8 Easy Ways You Can Help Coral Reefs
Here are some simple, effective actions you can take to help save coral reefs and the fish, animals and plants that depend on them.
Coral reefs benefit almost 500 million people and provide habitat for 25% of all marine species, but they’re also the most threatened. TNC and SHEBA® brand are teaming up to protect and restore this rich ecosystem.
SHEBA has created The Channel that Grows Coral where every video viewed on the channel will result in a donation to TNC to support its coral reef restoration initiatives.
Want to help? Here are some simple, effective actions you can take to help save coral reefs and the fish, animals and plants that depend on them.
1. Watch and share
Watch and share the new SHEBA video, “The Film that Grows Coral” to help raise funds for reef restoration.
Volunteer in local beach or reef cleanups. If you don’t live near the coast, get involved in protecting your watershed. Find an opportunity near you.
3. Visit a reef and dive responsibly
Avoid touching reefs or anchoring your boat on the reef. Contact with the reef will damage the delicate coral animals, and anchoring on the reef can kill corals.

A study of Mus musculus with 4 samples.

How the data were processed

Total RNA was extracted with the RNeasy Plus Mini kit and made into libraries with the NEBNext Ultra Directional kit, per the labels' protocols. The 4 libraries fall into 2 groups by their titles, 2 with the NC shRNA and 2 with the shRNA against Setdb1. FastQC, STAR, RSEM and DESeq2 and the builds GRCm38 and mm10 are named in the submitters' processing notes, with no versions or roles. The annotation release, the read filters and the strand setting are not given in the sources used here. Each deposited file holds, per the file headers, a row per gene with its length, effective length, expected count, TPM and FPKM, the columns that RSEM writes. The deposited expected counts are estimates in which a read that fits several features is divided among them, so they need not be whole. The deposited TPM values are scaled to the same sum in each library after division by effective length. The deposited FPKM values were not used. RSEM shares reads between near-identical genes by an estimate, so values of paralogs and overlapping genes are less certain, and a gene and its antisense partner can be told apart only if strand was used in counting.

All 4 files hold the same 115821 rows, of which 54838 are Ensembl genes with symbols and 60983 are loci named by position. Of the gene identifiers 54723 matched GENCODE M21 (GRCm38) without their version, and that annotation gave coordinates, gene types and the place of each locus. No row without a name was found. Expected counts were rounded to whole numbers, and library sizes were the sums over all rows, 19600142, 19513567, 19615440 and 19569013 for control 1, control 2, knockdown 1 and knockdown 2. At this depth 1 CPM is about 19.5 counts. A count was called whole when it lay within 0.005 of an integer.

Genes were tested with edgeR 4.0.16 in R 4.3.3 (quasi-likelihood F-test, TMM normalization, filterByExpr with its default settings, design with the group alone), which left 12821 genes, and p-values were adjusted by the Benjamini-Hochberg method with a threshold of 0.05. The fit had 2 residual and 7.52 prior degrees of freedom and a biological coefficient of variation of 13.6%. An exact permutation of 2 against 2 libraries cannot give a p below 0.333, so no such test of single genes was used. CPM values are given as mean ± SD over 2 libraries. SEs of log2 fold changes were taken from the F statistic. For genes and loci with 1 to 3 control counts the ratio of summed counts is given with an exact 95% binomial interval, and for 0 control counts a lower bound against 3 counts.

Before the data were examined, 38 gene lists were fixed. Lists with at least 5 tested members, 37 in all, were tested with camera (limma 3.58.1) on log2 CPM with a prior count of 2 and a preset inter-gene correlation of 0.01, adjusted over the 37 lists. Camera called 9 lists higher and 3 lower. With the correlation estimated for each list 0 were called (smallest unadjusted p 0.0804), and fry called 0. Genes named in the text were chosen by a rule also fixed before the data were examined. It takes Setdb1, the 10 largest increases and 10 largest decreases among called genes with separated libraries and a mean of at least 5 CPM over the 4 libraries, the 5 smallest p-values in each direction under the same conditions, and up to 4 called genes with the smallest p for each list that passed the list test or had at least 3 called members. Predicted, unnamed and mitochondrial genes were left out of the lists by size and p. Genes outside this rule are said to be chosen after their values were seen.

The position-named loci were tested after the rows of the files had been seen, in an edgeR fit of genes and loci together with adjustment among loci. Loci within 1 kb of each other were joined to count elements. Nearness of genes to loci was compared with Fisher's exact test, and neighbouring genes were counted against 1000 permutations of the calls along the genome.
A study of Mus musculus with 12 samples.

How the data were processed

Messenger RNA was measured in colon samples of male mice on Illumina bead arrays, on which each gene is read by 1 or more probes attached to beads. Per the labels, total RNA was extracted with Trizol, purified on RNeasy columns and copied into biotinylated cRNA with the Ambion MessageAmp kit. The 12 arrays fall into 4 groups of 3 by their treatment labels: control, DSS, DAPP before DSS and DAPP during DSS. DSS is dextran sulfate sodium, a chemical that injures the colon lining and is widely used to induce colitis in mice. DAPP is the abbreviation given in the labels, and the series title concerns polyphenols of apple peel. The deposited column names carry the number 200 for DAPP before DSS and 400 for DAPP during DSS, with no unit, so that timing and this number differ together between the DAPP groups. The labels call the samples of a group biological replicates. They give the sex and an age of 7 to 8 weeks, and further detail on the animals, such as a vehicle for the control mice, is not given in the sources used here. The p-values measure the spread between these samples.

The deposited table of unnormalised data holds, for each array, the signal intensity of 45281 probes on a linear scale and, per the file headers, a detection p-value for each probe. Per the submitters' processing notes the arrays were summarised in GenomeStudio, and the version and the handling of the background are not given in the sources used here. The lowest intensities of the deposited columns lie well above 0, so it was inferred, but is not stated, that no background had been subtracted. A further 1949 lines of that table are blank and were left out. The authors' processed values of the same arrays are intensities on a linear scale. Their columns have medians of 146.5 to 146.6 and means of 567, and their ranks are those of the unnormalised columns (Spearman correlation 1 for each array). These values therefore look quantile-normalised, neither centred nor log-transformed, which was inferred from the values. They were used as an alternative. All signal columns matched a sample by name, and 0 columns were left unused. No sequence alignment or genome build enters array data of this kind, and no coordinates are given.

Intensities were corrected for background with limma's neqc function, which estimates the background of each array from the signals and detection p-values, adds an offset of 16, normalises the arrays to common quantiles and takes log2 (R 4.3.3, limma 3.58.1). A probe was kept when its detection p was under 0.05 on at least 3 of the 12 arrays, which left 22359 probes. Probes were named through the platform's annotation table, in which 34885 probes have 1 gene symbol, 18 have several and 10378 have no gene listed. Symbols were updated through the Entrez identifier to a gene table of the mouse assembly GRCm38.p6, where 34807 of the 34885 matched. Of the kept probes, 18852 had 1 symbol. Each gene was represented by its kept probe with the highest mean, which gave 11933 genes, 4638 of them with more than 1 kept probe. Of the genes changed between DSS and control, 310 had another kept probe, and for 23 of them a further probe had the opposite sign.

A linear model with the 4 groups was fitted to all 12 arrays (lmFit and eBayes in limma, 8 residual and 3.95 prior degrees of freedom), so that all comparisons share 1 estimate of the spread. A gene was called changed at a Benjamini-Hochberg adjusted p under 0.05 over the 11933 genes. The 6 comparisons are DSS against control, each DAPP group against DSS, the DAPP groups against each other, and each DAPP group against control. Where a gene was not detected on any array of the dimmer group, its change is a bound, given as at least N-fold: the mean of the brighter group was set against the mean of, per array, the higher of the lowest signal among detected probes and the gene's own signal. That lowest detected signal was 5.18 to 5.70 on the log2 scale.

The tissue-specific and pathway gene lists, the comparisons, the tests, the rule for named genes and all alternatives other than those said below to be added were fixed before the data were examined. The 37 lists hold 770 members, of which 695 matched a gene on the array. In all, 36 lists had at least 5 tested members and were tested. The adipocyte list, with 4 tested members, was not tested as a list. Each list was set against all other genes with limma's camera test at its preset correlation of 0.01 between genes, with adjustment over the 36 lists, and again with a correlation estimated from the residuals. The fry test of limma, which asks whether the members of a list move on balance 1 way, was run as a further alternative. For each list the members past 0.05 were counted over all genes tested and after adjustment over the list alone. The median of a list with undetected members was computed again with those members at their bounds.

4. Choose a reef-friendly sunscreen
Several common sunscreen ingredients, including oxybenzone and octinoxate, have been shown to be toxic to corals. Sunscreens that use non-nano zinc oxide as their active ingredients do not contribute to coral bleaching.
5. Make your lawncare green
You may live thousands of miles from a coral reef, but the products you put on your lawn will eventually flow into the water system. Research green alternatives for fertilizer and pesticides that won’t harm coral reefs and marine life.
6. Leave no trace
Don't leave unwanted fishing lines or nets in the water or on the beach. Any kind of litter pollutes the water and can harm the reef and fish.
7. Conserve water
The less water you use, the less runoff and wastewater will pollute our oceans.
8. Spread the word!
Learn more about coral reefs and educate your community. Do your part to Speak Up for Nature and share information with your family and friends, as well as contact your local representatives to see what your state is doing to protect coral reefs. Speak Up For Nature now.